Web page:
Members of Marietta City Council's lands, buildings and parks committee are deciding whether to accept the donation of two properties from some former city residents.
Committee chairman Harley Noland, D-at large, said the city recently received a letter from Susan (Snedeker) Newman, daughter of the late Roy Snedeker who owned the former Elston Lumber Company in the Harmar district.
"She and her brother, Brian Snedeker, who no longer live in this area, wanted to donate the properties to the city in memory of their parents," he said. "The city could have them free and clear to sell. If we only received a nickel from them, that's a nickel we don't currently have, and the city can always use the money."
The properties, consisting of a couple of lots each, are located at 820 St. Marys Ave., and 997 Gilman Ave., according to city law director Paul Bertram III. The assessed value was not immediately available, but he said there are no structures on the land and the properties would be saleable.
"The properties are free and clear, but there is some question about the ingress and egress access to the one on Gilman Avenue as the CSX railroad tracks run in front of the property," he said.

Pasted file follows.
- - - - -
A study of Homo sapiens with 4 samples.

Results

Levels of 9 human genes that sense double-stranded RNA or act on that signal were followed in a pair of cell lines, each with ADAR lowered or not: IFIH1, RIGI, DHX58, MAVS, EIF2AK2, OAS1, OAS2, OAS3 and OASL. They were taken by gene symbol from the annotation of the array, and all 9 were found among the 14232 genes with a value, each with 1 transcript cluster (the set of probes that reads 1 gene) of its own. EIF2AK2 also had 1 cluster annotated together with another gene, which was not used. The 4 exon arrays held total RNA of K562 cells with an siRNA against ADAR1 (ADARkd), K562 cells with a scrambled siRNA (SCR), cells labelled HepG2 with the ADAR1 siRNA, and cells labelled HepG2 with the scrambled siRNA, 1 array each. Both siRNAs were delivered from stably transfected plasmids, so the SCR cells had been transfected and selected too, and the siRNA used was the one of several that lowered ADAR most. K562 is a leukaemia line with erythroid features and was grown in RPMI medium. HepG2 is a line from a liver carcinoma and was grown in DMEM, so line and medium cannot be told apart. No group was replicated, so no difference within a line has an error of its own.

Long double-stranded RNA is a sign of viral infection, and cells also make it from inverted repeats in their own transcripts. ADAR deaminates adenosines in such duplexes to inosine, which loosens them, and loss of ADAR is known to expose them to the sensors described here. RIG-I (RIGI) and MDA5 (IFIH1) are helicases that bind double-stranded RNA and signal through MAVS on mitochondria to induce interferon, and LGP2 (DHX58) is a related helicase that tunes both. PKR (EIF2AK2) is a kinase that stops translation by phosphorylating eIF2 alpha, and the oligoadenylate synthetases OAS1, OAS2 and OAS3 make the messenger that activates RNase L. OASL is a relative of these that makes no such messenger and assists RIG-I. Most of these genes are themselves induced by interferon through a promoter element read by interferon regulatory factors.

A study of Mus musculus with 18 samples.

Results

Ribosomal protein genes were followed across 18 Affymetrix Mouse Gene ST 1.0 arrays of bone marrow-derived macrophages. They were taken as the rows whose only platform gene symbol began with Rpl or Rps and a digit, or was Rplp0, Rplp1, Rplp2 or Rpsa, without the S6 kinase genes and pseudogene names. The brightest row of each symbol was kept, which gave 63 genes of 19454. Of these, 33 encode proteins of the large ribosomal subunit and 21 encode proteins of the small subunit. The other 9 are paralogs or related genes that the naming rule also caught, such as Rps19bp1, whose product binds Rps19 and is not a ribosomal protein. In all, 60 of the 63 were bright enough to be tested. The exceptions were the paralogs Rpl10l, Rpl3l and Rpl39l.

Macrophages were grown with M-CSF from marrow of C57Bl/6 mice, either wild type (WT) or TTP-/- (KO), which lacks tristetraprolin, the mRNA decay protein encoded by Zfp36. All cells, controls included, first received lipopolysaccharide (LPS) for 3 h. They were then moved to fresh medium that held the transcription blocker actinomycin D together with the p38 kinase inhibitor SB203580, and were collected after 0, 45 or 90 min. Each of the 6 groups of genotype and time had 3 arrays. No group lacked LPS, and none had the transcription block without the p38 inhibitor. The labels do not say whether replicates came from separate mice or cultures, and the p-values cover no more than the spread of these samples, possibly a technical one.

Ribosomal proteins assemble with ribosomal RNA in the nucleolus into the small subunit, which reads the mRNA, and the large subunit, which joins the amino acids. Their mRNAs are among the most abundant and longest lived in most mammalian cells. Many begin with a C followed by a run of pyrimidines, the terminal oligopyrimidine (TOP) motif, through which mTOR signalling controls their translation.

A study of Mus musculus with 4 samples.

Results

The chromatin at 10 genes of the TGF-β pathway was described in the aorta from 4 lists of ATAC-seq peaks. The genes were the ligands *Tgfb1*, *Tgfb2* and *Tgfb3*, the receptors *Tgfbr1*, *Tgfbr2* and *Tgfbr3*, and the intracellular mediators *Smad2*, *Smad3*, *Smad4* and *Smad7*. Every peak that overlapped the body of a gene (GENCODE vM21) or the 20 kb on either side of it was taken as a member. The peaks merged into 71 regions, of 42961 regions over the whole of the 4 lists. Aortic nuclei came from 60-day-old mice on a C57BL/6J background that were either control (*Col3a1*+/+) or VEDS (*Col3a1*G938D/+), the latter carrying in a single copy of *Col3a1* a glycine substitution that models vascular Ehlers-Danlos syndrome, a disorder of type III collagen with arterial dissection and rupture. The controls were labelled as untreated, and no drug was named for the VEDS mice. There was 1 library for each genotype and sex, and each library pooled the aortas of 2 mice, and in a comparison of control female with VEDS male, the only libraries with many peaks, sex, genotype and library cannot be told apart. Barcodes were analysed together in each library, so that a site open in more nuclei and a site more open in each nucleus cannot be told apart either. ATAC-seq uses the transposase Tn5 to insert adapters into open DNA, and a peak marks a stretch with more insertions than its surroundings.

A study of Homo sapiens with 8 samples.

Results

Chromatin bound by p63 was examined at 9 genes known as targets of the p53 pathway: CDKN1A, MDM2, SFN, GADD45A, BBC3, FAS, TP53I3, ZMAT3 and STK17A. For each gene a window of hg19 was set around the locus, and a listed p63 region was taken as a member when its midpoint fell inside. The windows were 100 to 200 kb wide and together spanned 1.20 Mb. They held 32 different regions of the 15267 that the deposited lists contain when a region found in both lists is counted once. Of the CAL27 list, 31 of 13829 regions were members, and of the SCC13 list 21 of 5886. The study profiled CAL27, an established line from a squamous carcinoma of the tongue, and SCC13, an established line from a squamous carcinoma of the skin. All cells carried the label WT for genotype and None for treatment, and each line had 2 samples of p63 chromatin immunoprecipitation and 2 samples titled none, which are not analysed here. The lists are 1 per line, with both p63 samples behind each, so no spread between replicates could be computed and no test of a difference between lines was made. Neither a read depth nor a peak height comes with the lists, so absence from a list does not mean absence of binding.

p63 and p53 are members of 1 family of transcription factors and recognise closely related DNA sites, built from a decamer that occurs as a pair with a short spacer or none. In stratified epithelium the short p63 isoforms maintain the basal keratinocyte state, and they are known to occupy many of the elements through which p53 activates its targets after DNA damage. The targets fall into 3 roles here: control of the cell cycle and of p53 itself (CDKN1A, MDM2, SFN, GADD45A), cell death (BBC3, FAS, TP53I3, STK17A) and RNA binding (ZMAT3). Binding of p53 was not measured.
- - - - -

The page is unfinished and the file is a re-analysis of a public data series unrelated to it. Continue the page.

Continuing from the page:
A small access road currently crosses the tracks to the property, but Bertram said CSX is in the process of trying to eliminate such crossings. Another means of access could be Leland Avenue that runs off of Groves Avenue and parallels the west side of the railroad tracks in that area.
The city of Marietta has been offered a donation of two properties by former city residents Susan (Snedeker) Newman and her brother, Brian Snedeker, in memory of their parents.
The properties, at 820 St. Marys Ave. and 997 Gilman Ave., once belonged to their father, the late Roy Snedeker, owner of the former Elston Lumber Company.
But Bertram said Leland Avenue may not extend all the way to the Snedeker property and could require an easement from a neighboring property owner.
The St. Marys Avenue property, in the northern area of the city, sits on an embankment about midway along the 800 block.
"It will be up to city council to decide what to do with the properties," Bertram said. "They can accept the donation, or not do anything and leave it in the current owners' hands. If they want to accept the properties, legislation would be required for the deed to be transferred to the city of Marietta."
Noland said he wouldn't favor developing the properties into a city park or green space, although they could be used for a community garden area if needed.
"But this would also serve to set a precedent that other people could donate land to the city if they want," he added. "And we could use the income, or develop those properties."
Mayor Joe Matthews said he would have no problem accepting the Snedeker properties if they're going to be sold.
"But we can't do any more community gardens or parks," he said. "Our city crews have enough grounds maintenance work to do already. I knew the Snedeker family, and this is an outright donation by their kids. You never know who might want to buy the property, but the city of Marietta should not be going into the real estate business."
Bertram said he's finishing up research on the properties and will bring the information back to the lands, buildings and parks committee soon.